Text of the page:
Miami Marlins’ Corey Dickerson, right, greets family friends Duane Allred, left, and his wife, Lynda Allred, of Brookhaven, Miss., prior to a spring training baseball game against the Washington Nationals, Friday, March 6, 2020, in Jupiter, Fla. (Julio Cortez / Associated Press)
Miami Marlins’ Corey Dickerson, right, greets family friends Duane Allred, left, and his wife, Lynda Allred, of Brookhaven, Miss., prior to a spring training baseball game against the Washington Nationals, Friday, March 6, 2020, in Jupiter, Fla. (Julio Cortez / Associated Press)
By Chuck King Associated Press

JUPITER, Fla. – Miami manager Don Mattingly isn’t concerned that free-agent acquisition Corey Dickerson’s is currently flirting with .150.

In fact, Mattingly’s barely noticed.

“Corey’s a guy I haven’t really paid, to be honest with you, a ton of attention to because I just know he’s always hit,” Mattingly said.

Dickerson appreciates the trust.

“I told somebody, I don’t even see him around,” Dickerson said, referring to Mattingly. “He has other things to watch, I’m sure. I take pride in my work. They know that, so they trust me to do my work.”

An All-Star in 2017 with Tampa Bay, Dickerson signed a two-year, $17.5 million contract with Miami during the off-season.

Capable of playing all three outfield positions, Dickerson will primarily play left. Mattingly has given Dickerson some innings in center this spring but doesn’t plan to move him around during the season.

“It’s great to have versatility, but when you’re moving all over the field it’s not quite as easy as it sounds,” Mattingly said. “You’re a lot more comfortable if you’re in a spot all the time.”

The fact that Dickerson won a Gold Glove with Pittsburgh in 2018 playing left field doesn’t hurt, either.

“I think I heard (Christian) Yelich say once he realized he could be the MVP that’s his expectation,” Dickerson said. “After knowing you can do it, you hold yourself to that standard. You want to repeat. You want to do it again.”

Consistency of positioning holds for Dickerson’s spot in the batting order as well. Mattingly likes him in the No. 3 slot, a lefty hitting between righties Brian Anderson and Jesus Aguilar.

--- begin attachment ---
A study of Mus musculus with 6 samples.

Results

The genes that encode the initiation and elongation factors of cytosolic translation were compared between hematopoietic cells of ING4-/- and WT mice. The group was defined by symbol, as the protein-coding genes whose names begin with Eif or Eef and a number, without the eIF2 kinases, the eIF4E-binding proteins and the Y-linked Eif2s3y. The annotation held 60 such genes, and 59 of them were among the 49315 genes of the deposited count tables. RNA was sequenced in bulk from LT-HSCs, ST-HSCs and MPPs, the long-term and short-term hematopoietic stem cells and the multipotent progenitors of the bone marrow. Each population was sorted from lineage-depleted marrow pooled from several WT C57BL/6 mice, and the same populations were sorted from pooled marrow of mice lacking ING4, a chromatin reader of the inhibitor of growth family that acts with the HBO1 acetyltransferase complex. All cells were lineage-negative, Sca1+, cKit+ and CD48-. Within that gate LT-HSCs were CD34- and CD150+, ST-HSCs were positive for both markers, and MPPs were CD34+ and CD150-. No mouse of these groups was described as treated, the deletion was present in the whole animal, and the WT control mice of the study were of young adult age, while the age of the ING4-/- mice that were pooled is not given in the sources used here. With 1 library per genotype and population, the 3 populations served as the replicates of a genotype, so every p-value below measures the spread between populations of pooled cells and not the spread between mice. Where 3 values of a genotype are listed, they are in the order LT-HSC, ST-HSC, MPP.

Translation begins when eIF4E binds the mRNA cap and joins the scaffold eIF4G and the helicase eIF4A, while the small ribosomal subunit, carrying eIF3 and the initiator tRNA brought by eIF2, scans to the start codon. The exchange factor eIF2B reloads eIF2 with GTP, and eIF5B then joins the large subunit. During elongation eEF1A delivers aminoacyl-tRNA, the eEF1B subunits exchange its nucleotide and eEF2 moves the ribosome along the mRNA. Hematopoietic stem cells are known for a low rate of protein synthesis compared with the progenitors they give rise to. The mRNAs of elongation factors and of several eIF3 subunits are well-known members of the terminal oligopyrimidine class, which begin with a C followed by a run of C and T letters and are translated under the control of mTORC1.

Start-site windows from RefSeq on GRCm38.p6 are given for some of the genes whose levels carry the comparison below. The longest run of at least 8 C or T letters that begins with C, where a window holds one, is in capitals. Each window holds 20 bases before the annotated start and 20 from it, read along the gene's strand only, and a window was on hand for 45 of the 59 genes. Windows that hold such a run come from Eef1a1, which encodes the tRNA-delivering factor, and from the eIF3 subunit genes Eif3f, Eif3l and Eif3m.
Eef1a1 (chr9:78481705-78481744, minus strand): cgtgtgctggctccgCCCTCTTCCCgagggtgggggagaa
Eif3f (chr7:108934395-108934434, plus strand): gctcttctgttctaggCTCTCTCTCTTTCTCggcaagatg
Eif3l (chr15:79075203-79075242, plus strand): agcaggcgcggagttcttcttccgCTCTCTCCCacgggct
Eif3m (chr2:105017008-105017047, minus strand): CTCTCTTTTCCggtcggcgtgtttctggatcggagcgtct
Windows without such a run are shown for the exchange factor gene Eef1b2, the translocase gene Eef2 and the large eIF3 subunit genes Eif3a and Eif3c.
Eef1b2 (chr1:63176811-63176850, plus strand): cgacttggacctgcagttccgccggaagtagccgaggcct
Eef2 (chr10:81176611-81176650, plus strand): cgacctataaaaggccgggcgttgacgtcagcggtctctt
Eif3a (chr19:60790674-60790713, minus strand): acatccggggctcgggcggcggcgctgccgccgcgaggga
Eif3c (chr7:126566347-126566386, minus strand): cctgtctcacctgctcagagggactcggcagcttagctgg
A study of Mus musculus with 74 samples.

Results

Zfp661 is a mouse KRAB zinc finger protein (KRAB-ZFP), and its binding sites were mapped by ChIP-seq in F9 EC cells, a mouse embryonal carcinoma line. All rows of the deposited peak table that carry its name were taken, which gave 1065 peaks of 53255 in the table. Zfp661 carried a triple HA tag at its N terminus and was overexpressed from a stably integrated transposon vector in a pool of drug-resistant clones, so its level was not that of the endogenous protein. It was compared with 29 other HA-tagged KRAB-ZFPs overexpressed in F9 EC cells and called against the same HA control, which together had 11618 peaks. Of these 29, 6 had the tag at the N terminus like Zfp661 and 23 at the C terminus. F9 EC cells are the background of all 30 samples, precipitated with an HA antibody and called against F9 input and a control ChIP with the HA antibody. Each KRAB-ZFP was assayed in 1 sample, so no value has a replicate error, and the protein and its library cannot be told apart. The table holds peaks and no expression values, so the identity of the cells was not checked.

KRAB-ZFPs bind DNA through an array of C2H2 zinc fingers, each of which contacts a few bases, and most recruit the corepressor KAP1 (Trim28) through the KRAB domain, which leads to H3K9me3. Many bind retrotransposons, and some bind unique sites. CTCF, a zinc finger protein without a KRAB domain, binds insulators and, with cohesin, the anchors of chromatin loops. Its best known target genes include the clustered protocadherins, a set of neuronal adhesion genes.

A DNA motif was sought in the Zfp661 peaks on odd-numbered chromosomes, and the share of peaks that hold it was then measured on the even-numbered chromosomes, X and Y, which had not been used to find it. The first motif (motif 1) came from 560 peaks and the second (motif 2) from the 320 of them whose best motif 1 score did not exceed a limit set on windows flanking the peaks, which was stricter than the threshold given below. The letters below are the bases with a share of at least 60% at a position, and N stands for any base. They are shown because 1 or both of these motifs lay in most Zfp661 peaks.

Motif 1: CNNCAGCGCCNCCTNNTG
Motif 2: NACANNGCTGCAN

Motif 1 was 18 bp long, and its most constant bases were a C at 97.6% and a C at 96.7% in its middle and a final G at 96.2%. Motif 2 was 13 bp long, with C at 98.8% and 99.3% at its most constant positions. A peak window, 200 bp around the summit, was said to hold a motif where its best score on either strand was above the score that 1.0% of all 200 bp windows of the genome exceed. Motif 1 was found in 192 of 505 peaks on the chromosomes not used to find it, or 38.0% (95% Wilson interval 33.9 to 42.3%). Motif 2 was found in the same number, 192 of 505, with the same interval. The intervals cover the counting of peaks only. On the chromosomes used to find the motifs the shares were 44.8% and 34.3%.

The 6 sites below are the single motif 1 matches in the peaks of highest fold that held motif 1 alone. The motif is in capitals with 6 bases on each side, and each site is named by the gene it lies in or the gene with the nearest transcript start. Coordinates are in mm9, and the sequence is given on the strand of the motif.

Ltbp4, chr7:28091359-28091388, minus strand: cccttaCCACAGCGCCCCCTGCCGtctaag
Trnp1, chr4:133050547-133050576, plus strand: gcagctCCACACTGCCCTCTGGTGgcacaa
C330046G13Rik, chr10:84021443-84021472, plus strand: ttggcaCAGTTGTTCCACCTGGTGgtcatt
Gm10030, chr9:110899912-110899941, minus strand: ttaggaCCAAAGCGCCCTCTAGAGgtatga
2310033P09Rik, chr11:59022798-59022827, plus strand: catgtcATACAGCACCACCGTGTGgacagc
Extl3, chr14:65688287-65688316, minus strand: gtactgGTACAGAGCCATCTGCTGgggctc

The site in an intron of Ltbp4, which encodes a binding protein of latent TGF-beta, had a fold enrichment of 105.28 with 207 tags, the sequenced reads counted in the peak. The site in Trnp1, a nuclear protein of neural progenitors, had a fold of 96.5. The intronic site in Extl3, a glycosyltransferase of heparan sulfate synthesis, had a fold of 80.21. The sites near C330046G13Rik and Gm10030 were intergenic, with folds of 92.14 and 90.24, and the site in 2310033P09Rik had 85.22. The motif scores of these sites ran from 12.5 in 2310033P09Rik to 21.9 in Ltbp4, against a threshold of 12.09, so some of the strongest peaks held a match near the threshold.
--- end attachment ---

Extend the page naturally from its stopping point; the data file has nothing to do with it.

Dickerson doesn’t profile as a traditional power bat from the third spot. His career high for homers is 27 and he twice hit 24, but he’s never driven in is many as 80 runs in a season.

While Dickerson said it would be “cool” to crack the 30 home run barrier, he understands that he’s a primarily a contact hitter – a player who’s hit better than .300 four times in seven seasons, including last season, which he split between Pittsburgh and Philadelphia.

“It’s about how can I help this team the most, whether that will be with more contact, getting on base, whatever,” Dickerson said. “But I do want to impact the baseball. I do want to do a little bit more damage, especially in my zone, and not miss the pitches.”

Dickerson hadn’t been doing any damage early in spring, but he’s starting to worry less about the mechanics of his at-bats, settling comfortably into a swing that is finally starting to feel right.

One of his three spring hits came Wednesday against Houston heading into the Marlins off day. On Friday night against Washington he ripped a first-inning line drive that first baseman Jake Noll caught, fouled out to Noll three innings later, then grounded out to first.

“After I get my mechanics right, once I’ve simplified it and I know I’m doing it right, it’s like a peace,” Dickerson said. “I’m relaxed. I don’t have to worry about what’s going wrong and why it is not working. What I’m doing is right. When I know everything is right, I rarely think about mechanics.”